Many businesses are offering remote work conditions in light of the COVID-19 pandemic. Remote work means that the employee is working away from the office, often from home, on a regular basis. 

Before 2018, there were multiple home office expenses that you could claim on your taxes when working from home. In order to receive the highest amount of tax relief, employees would need to be aware of the work-related expenses that they could claim on their tax return, as well as what they needed in order to qualify for work from home tax relief.

Here’s what work from home employees prior to 2018 needed for tax relief when working from home: 

Qualifying for Work from Home Tax Relief

The first requirement for the previous home tax relief is that employees were remote workers. To be categorized as a remote worker, you must have a legitimate work from a home agreement with your employer and you must be required to perform your work duties from home for the majority, if not all, of the time. 

Employees who take work home from the office to complete over the weekend or at night are not eligible for home office deductions. Those who are self-employed or are independent contractors are not considered employees, and therefore some deductions and requirements are not applicable to them. However, they are eligible for many of the deductions that remote work employees are eligible for, and they may be required to keep similar records. 

Self-employed taxpayers will need to pay self-employment taxes along with income tax if they make over $400 in a year. Understanding the tax deductions that they’re eligible for can help with their self-employed taxes.

What Home Office Expenses Could Employees Claim on their Income Tax Return?

People who work from home often have extra costs from their work-related expenses. These expenses tend to show up in their household bills, as an increase in heating, electricity, and internet. Some employers will contribute to these additional costs for employees who work remotely. However, instead of having your employer cover costs, you can make a claim for tax relief

Here’s what you could claim on your tax return if you worked remotely before 2018:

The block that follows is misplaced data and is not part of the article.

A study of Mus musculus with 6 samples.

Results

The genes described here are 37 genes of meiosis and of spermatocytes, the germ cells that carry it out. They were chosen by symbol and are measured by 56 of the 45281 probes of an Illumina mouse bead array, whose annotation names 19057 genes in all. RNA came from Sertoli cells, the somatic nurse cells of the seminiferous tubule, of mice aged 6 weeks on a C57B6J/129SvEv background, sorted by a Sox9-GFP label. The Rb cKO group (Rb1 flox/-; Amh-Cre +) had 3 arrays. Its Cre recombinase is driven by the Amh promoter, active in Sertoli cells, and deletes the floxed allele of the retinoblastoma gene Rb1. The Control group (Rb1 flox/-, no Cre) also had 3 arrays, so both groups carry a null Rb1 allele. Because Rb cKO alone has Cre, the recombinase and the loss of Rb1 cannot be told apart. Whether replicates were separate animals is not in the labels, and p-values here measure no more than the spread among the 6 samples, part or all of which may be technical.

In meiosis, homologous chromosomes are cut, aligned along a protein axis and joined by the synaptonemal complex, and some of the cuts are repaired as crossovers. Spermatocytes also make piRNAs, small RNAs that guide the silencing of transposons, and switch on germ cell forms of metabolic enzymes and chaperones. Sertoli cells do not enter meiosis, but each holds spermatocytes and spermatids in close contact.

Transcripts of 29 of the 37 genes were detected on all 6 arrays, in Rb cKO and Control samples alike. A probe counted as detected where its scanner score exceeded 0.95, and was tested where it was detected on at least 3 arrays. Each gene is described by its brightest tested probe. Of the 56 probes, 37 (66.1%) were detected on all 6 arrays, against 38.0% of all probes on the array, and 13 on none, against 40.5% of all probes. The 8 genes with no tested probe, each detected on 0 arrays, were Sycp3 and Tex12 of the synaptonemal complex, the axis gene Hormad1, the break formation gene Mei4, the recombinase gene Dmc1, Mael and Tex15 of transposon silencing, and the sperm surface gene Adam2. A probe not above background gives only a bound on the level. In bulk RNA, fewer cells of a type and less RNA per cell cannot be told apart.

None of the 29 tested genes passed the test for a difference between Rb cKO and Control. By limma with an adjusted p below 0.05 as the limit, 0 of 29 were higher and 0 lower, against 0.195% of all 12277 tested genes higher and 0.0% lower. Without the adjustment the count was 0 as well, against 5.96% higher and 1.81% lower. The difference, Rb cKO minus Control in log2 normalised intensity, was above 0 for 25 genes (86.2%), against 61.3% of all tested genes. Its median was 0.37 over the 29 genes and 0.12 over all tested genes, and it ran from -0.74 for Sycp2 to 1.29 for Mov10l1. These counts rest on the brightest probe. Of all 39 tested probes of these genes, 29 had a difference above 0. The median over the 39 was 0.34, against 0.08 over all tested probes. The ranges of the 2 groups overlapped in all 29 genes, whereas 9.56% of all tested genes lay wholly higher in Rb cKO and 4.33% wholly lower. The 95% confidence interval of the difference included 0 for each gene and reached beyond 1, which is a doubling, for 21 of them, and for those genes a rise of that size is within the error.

Home Office Deductions 

Those who work remotely from a home office may be able to deduct some of their costs from their taxes. If the remote worker tends to work mainly from their home office, they may be able to deduct mortgage interest, property taxes, and even some utility bills

Travel Expenses

Remote workers who use their vehicles for work-related travel or who have to pay for hotels and meals out of pocket may be eligible for tax deductions. Keep in mind that if your employer reimburses you for any of these expenses, they cannot be claimed as deductions. However, if they reimburse you for just a portion of the expenses, the remainder can be deducted. 

How Do I Keep Track of my Deductible Expenses?

If you work from home and will be claiming deductions on your tax return, you will need to keep careful track of your expenses throughout the year. It is recommended that remote employees keep a written record or logbook as a way to accurately document expenses. Along with keeping records, you should save any proof of payment documents for taxable expenses. This includes receipts, bank statements, and more. 

Are There Limits to Deductions

Work from home employees before 2018 would need to make sure and itemize their deductions in order to claim them on their tax returns. Non-itemized expenses could not be deducted. Also be aware that employee expenses were subject to a two percent floor, which means that only amounts greater than 2% of the adjusted gross income could be deducted. 

Do I Qualify for Home Office Tax Deductions?

Since the COVID-19 pandemic, things have changed for remote work employees. Instead of itemizing and claiming deductions, congress has enacted COVID-19 related tax relief to help remote employees. 

No longer can work from home employees claim itemized deductions for unreimbursed employee business expenses. Instead, the Tax Cuts and Jobs Act has suspended write-offs that make the employee’s home office expenses non-deductible. 

For the time being, home office tax deductions are suspended and there is no tax relief for work from home employees. However, self-employed workers have the same tax rules as they did before the TCJA. 

If you owe $10,000 or more in back taxes, an experienced tax relief expert can help you. Click the banner below for a free consultation.